Photo by Madeleine Castator/Hendrix Office of Marketing Communications
CONWAY, Ark. (April 22, 2020) – In the fall
of 2017, Tristian Wiles ’21 arrived on a college campus more populous than his
hometown. That’s probably a more common experience for students attending a
flagship state university than for those enrolled at a small liberal arts
institution like Hendrix College. But Wiles came from the northeastern Arkansas
community of Ash Flat, which has a population of about 1,100.
As a first-generation student from a rural area,
Wiles admits to being uncertain about whether he would be a good fit for
college life. “But from the friendly housekeepers and caf workers to my
dependable professors, everyone has always made me feel at home in the Hendrix
community,” he says.
It’s evident that Wiles feels at home at
Hendrix (a feeling so common among students that the campus has earned the name
Homedrix). He’s excelled as a biochemistry/molecular biology (BCMB) major and added
a philosophy minor to his academic pursuits. Outside of classes and labs, he
has participated in the BCMB Club, the Hendrix chapter of the American Chemical
Society, and Hendrix Naturalists Club. And drawing on his experience as a
first-generation college student, Wiles connects with students following paths similar
to his own by serving as a mentor for the IRIS Program: Increasing Retention
and Inclusion in STEM.
This spring, he
learned he’d been accepted into three summer research programs—at Yale, Duke,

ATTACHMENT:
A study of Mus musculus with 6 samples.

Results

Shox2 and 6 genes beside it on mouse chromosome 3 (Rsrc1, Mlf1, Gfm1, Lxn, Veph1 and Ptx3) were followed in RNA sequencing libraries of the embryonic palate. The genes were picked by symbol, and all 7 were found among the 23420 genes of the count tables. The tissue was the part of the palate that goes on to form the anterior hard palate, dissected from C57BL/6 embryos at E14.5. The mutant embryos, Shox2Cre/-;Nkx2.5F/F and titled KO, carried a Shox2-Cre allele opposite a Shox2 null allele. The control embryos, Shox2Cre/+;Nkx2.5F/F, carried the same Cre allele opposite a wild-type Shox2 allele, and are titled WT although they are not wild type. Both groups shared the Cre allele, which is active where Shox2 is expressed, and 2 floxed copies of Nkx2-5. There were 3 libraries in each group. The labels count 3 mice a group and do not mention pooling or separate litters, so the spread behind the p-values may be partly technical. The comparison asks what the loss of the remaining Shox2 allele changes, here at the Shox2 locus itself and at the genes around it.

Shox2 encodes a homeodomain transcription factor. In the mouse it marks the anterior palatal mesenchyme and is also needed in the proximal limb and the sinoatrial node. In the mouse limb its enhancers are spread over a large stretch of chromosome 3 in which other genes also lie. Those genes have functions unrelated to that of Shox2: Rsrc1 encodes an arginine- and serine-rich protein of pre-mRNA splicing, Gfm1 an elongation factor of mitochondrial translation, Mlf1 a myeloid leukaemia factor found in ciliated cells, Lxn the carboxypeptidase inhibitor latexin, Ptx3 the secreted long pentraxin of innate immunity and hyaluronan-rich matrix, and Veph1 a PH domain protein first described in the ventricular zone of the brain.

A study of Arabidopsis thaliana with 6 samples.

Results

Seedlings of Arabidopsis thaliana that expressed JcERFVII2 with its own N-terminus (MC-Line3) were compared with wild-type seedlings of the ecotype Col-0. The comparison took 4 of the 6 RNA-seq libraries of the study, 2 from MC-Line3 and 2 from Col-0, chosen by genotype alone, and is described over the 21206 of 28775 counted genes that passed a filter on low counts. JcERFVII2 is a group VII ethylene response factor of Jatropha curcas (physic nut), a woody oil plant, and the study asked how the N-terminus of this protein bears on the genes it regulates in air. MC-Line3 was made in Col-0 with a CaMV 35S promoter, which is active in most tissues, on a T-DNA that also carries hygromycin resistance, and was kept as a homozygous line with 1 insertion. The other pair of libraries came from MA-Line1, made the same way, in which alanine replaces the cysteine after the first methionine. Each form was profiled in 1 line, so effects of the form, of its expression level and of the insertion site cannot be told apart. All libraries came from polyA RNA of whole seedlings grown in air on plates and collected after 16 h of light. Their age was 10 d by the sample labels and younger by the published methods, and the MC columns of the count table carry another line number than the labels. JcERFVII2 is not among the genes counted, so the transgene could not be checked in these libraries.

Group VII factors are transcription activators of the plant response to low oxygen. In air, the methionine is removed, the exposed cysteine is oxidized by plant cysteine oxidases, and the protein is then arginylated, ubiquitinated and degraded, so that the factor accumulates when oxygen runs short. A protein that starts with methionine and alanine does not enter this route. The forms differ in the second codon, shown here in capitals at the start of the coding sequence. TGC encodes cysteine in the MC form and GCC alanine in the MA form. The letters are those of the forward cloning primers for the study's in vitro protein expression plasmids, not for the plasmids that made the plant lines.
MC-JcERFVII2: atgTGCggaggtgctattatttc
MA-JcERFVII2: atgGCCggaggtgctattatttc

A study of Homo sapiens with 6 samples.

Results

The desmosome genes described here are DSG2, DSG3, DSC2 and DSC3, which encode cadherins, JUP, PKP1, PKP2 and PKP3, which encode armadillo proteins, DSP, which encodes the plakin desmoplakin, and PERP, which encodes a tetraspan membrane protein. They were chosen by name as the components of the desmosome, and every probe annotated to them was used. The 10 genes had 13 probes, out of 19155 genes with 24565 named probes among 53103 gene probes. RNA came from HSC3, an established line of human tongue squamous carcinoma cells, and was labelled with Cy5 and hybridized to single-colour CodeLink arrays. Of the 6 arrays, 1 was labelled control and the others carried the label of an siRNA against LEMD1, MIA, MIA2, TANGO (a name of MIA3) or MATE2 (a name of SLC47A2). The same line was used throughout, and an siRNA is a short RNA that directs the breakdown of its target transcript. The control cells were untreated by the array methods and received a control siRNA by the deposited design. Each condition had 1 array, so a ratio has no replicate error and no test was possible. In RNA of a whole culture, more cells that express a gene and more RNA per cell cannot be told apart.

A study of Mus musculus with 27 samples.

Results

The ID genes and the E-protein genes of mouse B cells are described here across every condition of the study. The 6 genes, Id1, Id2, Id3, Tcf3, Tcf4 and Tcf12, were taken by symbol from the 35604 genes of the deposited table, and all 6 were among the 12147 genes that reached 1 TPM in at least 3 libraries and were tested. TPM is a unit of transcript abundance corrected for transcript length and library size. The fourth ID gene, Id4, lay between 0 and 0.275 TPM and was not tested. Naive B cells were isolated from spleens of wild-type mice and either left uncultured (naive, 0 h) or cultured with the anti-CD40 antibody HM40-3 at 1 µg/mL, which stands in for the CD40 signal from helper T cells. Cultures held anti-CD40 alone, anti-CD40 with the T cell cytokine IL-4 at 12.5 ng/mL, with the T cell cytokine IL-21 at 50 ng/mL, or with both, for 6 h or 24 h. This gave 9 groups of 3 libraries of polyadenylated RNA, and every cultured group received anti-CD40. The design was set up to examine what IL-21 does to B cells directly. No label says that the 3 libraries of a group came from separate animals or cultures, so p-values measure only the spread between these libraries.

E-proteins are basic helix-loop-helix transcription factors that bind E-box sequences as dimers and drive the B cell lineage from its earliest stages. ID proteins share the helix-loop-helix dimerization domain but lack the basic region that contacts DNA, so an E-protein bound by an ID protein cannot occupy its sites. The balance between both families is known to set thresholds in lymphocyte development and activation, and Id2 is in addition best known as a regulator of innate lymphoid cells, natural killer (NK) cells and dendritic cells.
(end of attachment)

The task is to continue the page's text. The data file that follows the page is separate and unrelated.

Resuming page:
and UT Southwestern, all programs affiliated with the Amgen
Scholars Program (funded by the Amgen Foundation, the
principal channel for biotech company Amgen’s corporate philanthropy). He
ultimately chose Yale, and was waiting to be matched with a research lab there
when he learned that this summer’s program would be canceled because of the
coronavirus pandemic. He will be able to attend in the summer of 2021, though.
“Because of that delay, I still don’t know
exactly what I’ll study, but it will be some type of biomedical science, likely
to do with genetics and molecular biology,” he said.
By that time, Wiles will have his Hendrix
degree, and plans to move on to pursue a Ph.D. in the biomedical sciences. His
ultimate goal: teaching and conducting research at the college and university
level. It’s one way he plans to pay forward the benefits of his own Hendrix
“I have found such a strong academic support
group at Hendrix,” he says. “I would never have gained the qualifications for
these programs without the help of my research advisors, and I certainly could
not have written the essays necessary for strong applications without the
guidance of my humanities professors and scholarship advisors.”
Wiles believes in the power of making
research opportunities available to undergraduate students because he has
benefited from it himself.
“I was able to start doing research as early
as the end of my freshman year, and completed three projects by the time I was
a junior. I started with research in ecology, and, thanks to the guidance of my
research advisors, I had homed in on my passion for molecular biology by the
end of my third project,” he says. “Hendrix opens so many doors for students
interested in undergraduate scientific research.”
About Hendrix College
A private liberal arts college in Conway, Arkansas, Hendrix College
consistently earns recognition as one of the country’s leading liberal arts
institutions, and is featured in Colleges That Change Lives: 40 Schools
That Will Change the Way You Think About Colleges. Its academic quality and
rigor, innovation, and value have established Hendrix as a fixture in numerous
college guides, lists, and rankings. Founded in 1876, Hendrix has been
affiliated with the United Methodist Church since 1884. To learn more, visit www.hendrix.edu.